Bitcoin Bites the Dust at Baltimore Shul After MtGox Goes Bust

Tiferes Yisroel Pulls Plug on Virtual Currency


By Michael Kaplan

Published March 11, 2014.

A small Baltimore synagogue that pioneered use of bitcoin has decided to stop accepting the virtual exchange for donations after a leading exchange collapsed amid reports of seven-figure losses.

Congregation Tiferes Yisroel had no relationship with MtGox, which declared bankruptcy over the snafu, and did not lose money when the bitcoin exchange went under.

But the hype did prompt the congregation to rethink their use of the decidedly modern currency.


“They just are having a hard time accepting a new technology and are affected by the way the media is responding to this,” said congregation member Tzadik Vanderhoof, 48, a software engineer. “Some person in the bitcoin business, with no permission from anyone, was fraudulent and went bankrupt. But we’re not using any of those businesses.”

The congregation began accepting the digital payments last year after Vanderhoof convinced the board to begin accepting the cryptocurrency on their website.

“There’s no downside, there’s no risks,” he said. “To start accepting Bitcoin you make no investment, you don’t have to do anything. You’re just providing another option.”

Bitcoin is a digital currency that allows peer-to-peer money transfers over the Internet. It’s safer than plugging in a credit card number online and doesn’t deduct fees like PayPal. While the online currency has received flak over concerns that it could be used for illicit activities, some companies wanting to increase ways of making online payments are beginning to use it.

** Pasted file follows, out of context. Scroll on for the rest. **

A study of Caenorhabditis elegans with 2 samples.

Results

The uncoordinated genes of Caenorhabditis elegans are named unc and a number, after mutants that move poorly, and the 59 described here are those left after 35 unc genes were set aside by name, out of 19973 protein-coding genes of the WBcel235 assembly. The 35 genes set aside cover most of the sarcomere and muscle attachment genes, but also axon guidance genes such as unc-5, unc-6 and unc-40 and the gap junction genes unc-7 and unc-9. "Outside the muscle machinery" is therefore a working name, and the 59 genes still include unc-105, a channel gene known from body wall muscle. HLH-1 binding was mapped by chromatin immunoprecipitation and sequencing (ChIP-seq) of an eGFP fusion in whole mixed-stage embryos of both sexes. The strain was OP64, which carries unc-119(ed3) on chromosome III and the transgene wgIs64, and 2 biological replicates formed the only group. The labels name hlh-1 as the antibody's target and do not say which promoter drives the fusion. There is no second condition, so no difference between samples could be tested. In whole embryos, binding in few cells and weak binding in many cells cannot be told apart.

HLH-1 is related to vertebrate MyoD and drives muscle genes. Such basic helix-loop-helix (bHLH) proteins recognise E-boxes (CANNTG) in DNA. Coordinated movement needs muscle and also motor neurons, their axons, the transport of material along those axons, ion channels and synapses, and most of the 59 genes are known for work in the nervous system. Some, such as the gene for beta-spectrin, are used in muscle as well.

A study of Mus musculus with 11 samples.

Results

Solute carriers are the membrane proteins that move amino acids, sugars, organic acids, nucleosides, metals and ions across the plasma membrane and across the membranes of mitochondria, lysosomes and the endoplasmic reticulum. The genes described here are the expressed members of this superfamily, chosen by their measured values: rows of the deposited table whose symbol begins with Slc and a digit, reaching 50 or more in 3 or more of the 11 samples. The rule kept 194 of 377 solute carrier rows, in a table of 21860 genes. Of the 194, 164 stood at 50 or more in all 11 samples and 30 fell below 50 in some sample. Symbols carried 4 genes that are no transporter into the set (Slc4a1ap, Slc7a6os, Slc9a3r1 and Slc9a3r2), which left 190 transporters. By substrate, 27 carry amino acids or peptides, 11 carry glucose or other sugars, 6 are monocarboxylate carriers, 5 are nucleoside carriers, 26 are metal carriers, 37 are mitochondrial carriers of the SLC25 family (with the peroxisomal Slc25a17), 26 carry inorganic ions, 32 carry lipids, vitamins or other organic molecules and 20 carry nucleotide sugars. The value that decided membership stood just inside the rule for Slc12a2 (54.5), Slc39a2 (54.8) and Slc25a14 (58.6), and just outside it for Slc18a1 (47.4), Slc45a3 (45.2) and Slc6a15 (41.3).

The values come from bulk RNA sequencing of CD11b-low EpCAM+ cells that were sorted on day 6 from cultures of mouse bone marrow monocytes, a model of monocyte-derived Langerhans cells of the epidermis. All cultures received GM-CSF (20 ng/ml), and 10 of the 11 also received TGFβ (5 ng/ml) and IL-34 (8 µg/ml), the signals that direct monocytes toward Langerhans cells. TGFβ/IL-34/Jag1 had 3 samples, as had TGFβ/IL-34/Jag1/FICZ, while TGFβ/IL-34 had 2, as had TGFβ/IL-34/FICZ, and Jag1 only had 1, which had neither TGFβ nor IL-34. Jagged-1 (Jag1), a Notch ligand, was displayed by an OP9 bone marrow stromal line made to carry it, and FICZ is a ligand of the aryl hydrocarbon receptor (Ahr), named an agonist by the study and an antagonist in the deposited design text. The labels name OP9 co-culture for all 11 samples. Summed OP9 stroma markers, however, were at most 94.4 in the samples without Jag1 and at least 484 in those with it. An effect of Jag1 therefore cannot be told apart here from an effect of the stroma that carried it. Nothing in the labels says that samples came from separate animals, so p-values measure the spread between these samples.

Yet many are warning against it. In Israel, reportedly a hotspot for bitcoin, the government has recently warned its public against using the decentralized digital currency, and according to Reuters, is considering setting regulations on bitcoin.

For nine months, the Baltimore-based synagogue was perhaps the only American Jewish institution using the digital currency. The synagogue had collected nearly two bitcoins, which converts to more than $1,200.

But after news broke that MtGox, a Tokyo-based bitcoin exchange company, had declared bankruptcy when about $473 million worth of bitcoins was reported missing, the president of Tiferes Yisroel informed Vanderhoof that it would remove down the donation option. Until that point, he said that he hadn’t heard much from the board about how they felt about the donation method.

Vanderhoof said that the decision to introduce bitcoin to his synagogue was rooted in an effort to keep the congregation up on the latest technological developments.

He created the synagogue’s website in 2004, beating most other synagogues to the web. Encouraging the board to start accepting donations by PayPal was also a battle in its early years, but today it brings in about 30% or 40% of their donations, he claimed.

He said that online donating, like PayPal and bitcoin, have the potential to be more successful than some traditional methods like writing out checks. “If someone’s asking me to donate, you need to make it as easy as possible. If I can’t do it right now on impulse then I probably won’t do it at all.”

Vanderhoof insists he’s not giving up on bitcoin yet.

“I think its an improvement over the current way people pay,” he said. “Especially online, it’s inevitable that it’s going to catch on.”

Board elections around Rosh Hashanah might open a chance for bitcoin to have a second life at Tiferes Yisroel. For now though, Vanderhoof says he has no immediate plans to challenge the board’s decision.